Details
MARIANNE STOKES (1855-1927)
Quinces
signed 'Marianne Stokes' (lower left)
coloured chalks on buff paper
12 x 14 ¾ in. (30.5 x 37.5 cm.)
Provenance
with Abbott & Holder, London, May 1984, where purchased for the present collection.

Brought to you by

Adrian Hume-Sayer
Adrian Hume-Sayer Director, Specialist



Marianne Stokes is renowned as a portrait painter of great originality. However, a close scrutiny of her work reveals her capabilities in the area of still life. As well as the delicate and decorative lillies that accompanied some of her religious works, she painted roses, (p.73 in Utmost Fidelity) rose briars, irises and hollyhocks for paintings in their own right. An apple appears in a portrait of a Dutch lady (ibid, p.97) while a small orange or clementine appears in the Madonna with Symbols from a Litany of 1905, while more prosaic mushrooms, cabbages, turnips, feature in her work of the 1890s. A comparison of the treatment of the rose leaves on page 73 of Utmost Fidelity demonstrates her skill in suggesting both sides of a leaf as gravity and decay pull it downwards.
The care she gives to the treatment of these quinces, artfully squeezed into a format that is only just rectangular enables one to appreciate her attention to naturalism. The fruit is very heavy, clearly about to drop. The small patch above her signature where the blue colour is missing in fact lends the composition to being deliberately a painting in its own right. Both Marianne and Adrian often upcycled frames from the many dealers they visited throughout Europe and the choice of this expensive Dutch frame shows that they clearly considered the painting finished. The subtly applied highlights of gold particularly on the top left-hand fruit demonstrate her sure but light touch.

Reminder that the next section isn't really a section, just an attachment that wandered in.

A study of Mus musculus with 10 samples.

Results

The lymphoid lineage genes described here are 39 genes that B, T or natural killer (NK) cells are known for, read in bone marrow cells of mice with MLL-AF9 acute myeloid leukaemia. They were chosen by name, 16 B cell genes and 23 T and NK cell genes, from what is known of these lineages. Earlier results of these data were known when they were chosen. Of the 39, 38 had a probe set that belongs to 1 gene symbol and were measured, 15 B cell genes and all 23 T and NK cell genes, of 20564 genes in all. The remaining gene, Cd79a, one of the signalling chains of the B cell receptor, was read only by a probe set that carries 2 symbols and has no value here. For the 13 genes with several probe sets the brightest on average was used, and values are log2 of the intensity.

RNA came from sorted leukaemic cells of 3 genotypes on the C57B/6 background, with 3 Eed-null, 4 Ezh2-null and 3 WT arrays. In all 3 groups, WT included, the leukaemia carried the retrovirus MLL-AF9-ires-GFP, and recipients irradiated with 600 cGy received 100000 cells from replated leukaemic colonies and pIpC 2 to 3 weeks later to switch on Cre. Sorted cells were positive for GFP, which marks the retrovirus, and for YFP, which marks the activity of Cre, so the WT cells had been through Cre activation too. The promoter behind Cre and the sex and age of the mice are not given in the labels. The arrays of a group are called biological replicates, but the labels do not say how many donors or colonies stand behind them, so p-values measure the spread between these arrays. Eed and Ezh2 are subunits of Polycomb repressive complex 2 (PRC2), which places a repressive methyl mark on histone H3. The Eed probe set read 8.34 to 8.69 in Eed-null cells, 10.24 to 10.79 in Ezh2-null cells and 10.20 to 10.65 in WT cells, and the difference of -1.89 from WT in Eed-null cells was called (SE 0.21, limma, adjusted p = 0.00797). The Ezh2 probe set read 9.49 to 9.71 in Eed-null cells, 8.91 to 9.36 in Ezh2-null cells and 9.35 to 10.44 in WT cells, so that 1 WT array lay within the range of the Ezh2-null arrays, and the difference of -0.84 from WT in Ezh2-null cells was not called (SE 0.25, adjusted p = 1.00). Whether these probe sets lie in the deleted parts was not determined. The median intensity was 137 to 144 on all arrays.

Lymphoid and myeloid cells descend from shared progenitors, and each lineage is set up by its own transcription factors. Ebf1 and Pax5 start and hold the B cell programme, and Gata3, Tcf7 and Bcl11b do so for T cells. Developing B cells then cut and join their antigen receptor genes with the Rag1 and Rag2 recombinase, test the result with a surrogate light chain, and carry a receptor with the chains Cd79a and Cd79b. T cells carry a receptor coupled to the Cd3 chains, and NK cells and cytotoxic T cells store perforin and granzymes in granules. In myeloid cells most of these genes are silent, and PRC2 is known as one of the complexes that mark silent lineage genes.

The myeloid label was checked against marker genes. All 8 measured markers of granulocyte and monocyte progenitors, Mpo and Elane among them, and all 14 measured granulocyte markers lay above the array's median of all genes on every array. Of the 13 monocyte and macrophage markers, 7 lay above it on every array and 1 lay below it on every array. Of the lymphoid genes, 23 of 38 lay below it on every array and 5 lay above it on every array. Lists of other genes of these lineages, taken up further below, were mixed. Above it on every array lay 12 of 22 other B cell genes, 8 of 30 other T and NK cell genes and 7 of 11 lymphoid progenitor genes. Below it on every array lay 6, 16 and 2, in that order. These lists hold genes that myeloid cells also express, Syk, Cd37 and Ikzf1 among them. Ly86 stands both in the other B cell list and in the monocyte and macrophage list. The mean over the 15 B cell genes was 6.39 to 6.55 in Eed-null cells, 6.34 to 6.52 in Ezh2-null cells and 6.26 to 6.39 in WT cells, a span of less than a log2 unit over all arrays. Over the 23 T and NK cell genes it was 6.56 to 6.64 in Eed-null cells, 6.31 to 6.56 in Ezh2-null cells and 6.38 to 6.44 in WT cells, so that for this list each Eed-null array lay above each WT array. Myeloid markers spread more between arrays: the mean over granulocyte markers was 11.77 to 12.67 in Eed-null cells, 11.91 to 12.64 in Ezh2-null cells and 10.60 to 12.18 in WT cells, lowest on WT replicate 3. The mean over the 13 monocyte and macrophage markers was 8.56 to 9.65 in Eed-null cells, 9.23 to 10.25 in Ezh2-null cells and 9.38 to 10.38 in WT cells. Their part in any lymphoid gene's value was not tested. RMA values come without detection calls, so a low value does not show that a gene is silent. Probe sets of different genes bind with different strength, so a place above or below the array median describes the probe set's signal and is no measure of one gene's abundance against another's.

One can imagine a sense of order in Marianne’s working environment: neat glass jars of tempera colour, cardboards sleeves of delicate pastels adjacent to a nature table in a tidy studio. Unlike her husband who painted outdoors throughout his whole career, her work was predominantly completed indoors.
A label on the back indicates that this work was exhibited but it has not been possible to confirm where or what date. It gives Marianne’s address as 7a Grantham Place. The Stokes’ did not move to their studio in a mews house in Mayfair until 1921. Adrian’s brother Sir Wilfrid Stokes and his wife Lady Irene (1875-1971, née Ionides) lived in the main house on Park Lane; she became a great gardener in later life. Their Mill house at Ockham near Ripley in Surrey was visited by horticulturalists from far and wide. While Marianne revelled in her summer travels to the warmer climates of the Mediterranean and the Carpathians, it is likely that this pastel is of a bough grown in England, possibly from the orchards at Ockham.
We are grateful to Magdalen Evans for her assistance in preparing this catalogue entry.